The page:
All my friends (and I mean all) are taking care of aging parents.
Let’s face it; I am at the time in my life where most of the people I choose to surround myself with – either through business or pleasure are in their mid 50’s and are taking care of aging parents. Considering the fact that I have been in the insurance business for 30 years; my clients and colleagues know me well and have shared with me the issues they are facing in their daily lives. I have used the same attorney, the same CPA, the same hair dresser forever and so I know they are carrying this as well. No one is exempt except my friends who have already lost their parents. And even then – they end up taking care of other relatives that are aging and need support.
Currently I have six super close friends taking care of parents. One of them just had her mother move in with her and her family after falling down in her own home and laying on the floor (she had been able to get a pillow and a blanket by crawling) for almost 24 hours. When my friend called to check up on her, her mother said, “don’t worry, I am in bed and ok, no rush, come when you can”. Of course she rushed and found her 85 year old mother lying on her kitchen floor. Now Mom lives with her. We are working to help her find suitable help so my friend can continue to go to work and live her life.
I have another friend whose mom lives in Florida. He has been back and forth several times from New York because her health is declining and she has been in and out of the hospital several times in the last six months. Air fare isn’t cheap and he is basically putting his life on hold while he tends to her needs.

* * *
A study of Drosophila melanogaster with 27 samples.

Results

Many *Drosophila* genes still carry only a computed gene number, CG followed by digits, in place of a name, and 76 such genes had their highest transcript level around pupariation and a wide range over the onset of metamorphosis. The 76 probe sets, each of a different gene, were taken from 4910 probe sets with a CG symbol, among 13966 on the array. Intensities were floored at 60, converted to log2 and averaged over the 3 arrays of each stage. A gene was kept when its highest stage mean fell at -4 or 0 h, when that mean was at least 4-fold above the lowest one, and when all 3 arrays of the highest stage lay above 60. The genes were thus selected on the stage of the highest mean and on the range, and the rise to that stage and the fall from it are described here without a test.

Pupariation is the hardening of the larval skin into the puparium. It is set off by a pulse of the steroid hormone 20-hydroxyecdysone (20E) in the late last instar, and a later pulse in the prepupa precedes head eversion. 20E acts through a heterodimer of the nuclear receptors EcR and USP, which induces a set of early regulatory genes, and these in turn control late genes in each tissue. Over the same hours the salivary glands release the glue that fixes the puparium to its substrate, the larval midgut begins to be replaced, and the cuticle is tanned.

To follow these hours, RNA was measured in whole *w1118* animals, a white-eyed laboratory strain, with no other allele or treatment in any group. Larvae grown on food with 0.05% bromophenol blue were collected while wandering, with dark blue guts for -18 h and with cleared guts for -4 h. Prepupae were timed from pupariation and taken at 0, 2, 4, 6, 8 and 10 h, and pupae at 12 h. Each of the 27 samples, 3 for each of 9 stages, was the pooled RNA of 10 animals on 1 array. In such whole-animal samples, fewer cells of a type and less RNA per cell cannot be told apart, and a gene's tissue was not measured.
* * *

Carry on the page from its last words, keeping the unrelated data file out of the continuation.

I have another friend (more than 35 years) who went to Florida, packed up her really ill mother, brought her up to her sister’s house and visits her almost every day for the last two years. She cooks, cleans, takes her to her doctor visits, does her laundry and gets her out to get her nails and hair done. My friend wouldn’t consider doing it any differently.
It’s funny – I have always been very careful as to the type of person I get close to and consider a friend. I have ridiculous expectations and standards. However, as a result I have friends and colleagues who are wonderful giving people. It’s no surprise to me that they are all the “chosen” ones in their respective families to provide the support and care that their loved one requires.
I have written and spoken often about how important it is to take care of oneself while caring for another. I see it come to life now in my friends. Of course everyone’s situation, personality, finances and lifestyles are all different but I see all of them struggling to make the right choices for their families and for themselves. Some do it better than others. Some of my friends are exhausted and just about ready to blow. Others are managing the additional responsibilities and worries better. All of them have experienced fear, uncertainty and frustration. Taking care of an aging parent can take it’s toll not just on your health but on your work life, your family… It is so important to remember to take care of yourself. Do what makes you feel good. Eat well, rest well (or as best you can) and take time to engage in the activities that bring you pleasure. Go out with friends, don’t isolate. Take a vacation, whatever you need to do to maintain your own health so you can be a good, healthy and calm caregiver.
I watch my friends and I see that they give such good care, so much love so much thought and attention that even the sickest, frailest parents rally and get a little stronger. Of course they do – my friends are the best people and when they feel they have to take care of a parent they do their very best, often sacrificing much of their own needs.
That’s why I am proud to call them friends.